Stretching all the way from the Curry Mile – with its glittering sari emporiums, Indian sweet shops and mixed reputation for actual curry – up toward the city centre, Oxford Road is not only home to two Universities, the Royal Northern College of Music, an Olympic-sized pool and a good number of the city’s best music venues, it’s also the busiest bus route in Europe. Yes, this is student land, but cultural institutions such as The Whitworth art gallery, Manchester Museum and International Anthony Burgess Centre also make the area a real draw for locals and tourists alike. There are also two parks: Whitworth Park, which dates back to 1890, and Grosvenor Square, a small patch of green that was once a church and where now, on sunny days, the locals come out to bask in bookish style.
The Oxford Road Corridor is the site of serious scientific innovation; here, you can visit the place where the atom was split, and doff your cap to the building dedicated to pioneering computer scientist and code breaker Alan Turing. Once home to philosopher Friedrich Engels and writer Elizabeth Gaskell, the area can boast its fair share of artistic prestige, too. Here, history and innovation still exist side by side.
The RNCM Opera tackles Engelbert Humperdinck’s operatic version of the Brothers Grimm’s early 19th Century fairytale Hansel and Gretel for its major spring production. Expect a tale of transition, redemption and resolution, set to folk music-inspired themes, for a piece that is equal parts dark and magical.
The second Poets & Players event of the year will feature readings by Carcanet poet Anthony Rudolf and poet, playwright and performer Hannah Silva, with live music from RNCM harpists the Septentrion Duo.
Featuring Snoop Dogg’s producer, a live video artist, plus a gospel choir and re-interpretations of Muse and Metallica, the 2017/18 season by ‘probably Britain’s most adventurous orchestra’ is as diverse and inspiring as ever.
From revolutionary inspired art to ‘sassy’ Hip Hop Christmas cabaret, check out our guide to HOME’s Autumn/Winter Season.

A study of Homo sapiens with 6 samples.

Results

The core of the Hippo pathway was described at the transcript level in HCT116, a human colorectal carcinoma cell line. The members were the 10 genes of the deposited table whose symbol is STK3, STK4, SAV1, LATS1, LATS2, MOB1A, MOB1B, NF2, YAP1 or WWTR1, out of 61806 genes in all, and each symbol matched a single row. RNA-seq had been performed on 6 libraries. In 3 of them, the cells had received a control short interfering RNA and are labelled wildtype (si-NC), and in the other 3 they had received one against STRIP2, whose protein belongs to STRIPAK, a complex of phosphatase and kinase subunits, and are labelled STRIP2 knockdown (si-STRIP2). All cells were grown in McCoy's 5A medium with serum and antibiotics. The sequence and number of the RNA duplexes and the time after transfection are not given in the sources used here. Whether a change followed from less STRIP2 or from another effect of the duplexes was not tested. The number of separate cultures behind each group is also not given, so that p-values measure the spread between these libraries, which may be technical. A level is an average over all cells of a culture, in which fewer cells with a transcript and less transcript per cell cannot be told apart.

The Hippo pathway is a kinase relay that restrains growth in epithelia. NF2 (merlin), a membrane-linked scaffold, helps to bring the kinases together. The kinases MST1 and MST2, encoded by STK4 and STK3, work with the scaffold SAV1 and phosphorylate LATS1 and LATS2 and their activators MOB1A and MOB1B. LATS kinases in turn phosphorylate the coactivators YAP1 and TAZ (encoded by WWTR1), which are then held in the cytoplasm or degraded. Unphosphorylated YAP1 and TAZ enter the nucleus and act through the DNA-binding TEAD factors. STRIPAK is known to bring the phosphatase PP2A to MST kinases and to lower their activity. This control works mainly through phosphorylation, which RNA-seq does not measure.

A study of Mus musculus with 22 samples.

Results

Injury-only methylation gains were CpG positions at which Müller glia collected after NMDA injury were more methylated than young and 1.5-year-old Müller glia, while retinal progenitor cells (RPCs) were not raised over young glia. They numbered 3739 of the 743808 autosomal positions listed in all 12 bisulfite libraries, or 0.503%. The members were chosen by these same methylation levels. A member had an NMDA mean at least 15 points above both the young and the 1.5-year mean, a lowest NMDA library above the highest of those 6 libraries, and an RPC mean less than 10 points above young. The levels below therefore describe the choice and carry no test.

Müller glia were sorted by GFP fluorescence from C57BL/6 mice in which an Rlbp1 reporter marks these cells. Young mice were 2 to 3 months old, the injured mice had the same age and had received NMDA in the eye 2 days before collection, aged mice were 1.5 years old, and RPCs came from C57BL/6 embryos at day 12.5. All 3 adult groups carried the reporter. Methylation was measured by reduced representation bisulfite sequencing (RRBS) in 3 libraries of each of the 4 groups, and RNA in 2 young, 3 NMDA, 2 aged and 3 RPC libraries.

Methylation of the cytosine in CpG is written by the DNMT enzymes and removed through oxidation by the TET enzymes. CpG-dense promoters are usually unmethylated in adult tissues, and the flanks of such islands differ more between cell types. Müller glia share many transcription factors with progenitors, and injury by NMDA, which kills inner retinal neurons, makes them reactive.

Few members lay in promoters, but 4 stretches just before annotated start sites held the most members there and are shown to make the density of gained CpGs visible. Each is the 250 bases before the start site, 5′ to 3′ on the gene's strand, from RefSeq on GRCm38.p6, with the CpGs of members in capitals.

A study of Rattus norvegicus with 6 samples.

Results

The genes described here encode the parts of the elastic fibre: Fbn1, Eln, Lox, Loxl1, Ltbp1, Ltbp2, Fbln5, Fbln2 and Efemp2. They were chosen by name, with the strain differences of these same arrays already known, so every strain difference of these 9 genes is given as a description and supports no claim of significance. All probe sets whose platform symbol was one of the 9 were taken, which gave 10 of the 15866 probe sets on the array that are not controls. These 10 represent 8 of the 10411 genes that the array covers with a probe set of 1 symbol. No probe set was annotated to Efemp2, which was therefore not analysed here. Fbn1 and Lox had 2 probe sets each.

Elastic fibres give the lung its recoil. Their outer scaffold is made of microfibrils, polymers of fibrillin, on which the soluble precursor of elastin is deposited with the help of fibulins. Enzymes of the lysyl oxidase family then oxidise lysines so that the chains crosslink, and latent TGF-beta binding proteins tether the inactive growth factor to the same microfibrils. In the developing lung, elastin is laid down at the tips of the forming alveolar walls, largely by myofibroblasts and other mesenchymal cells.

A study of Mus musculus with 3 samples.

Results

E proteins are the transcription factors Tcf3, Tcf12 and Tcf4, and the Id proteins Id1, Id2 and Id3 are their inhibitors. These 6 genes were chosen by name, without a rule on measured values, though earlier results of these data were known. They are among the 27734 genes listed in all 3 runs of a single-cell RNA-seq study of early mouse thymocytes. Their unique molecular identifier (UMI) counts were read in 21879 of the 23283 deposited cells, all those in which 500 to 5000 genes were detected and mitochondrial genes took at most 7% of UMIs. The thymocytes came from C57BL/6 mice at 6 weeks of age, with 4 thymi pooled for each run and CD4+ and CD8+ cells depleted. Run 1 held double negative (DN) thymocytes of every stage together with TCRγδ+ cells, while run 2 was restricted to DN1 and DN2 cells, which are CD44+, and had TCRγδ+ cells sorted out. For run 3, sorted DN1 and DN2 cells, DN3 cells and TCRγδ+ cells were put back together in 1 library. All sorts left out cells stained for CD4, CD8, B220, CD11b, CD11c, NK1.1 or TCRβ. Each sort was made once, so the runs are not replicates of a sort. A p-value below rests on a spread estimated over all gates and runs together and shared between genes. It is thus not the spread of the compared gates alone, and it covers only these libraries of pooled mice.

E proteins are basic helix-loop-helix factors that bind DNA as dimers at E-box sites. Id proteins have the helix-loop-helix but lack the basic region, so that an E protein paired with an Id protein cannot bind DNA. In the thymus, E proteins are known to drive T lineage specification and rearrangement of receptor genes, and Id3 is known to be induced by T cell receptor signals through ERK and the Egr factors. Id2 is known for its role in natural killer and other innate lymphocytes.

Starring an ex-beauty queen, a Kurdish MP, a notorious gangster, and a former agent; The Scar attempts to imagine an alternative future outside of the structures of patriarchy.
Featuring an Arabian adventure, Norwegian jazz courtesy of Marius Neset, 1920s Surrealist short films (and accompanying live scores), plus the RNCM Opera’s major production of Engelbert Humperdinck’s Hansel and Gretel and a collaboration between German trumpeter and composer Markus Stockhausen and the RNCM Big Band and Chamber Orchestra, this new season offers plenty to discerning music fans.
Directed by the documentary theatre trailblazer Lola Arias, Minefield sees six veterans from the 1982 Falklands War reunited.
The Refuge celebrates Easter with a weekend of events combining music, arts and a special cosmic collaboration with Bluedot Festival.
A new presentation of works by the acclaimed conceptual artist, John Stezaker, brings our relationship with photography into question.
German trumpeter and composer Markus Stockhausen brings the knowledge and experience gained during his a prolific three-decade career to the RNCM, as he works with students to encourage their improvisational skills before joining the Big Band and Chamber Orchestra for this programme of his compositions.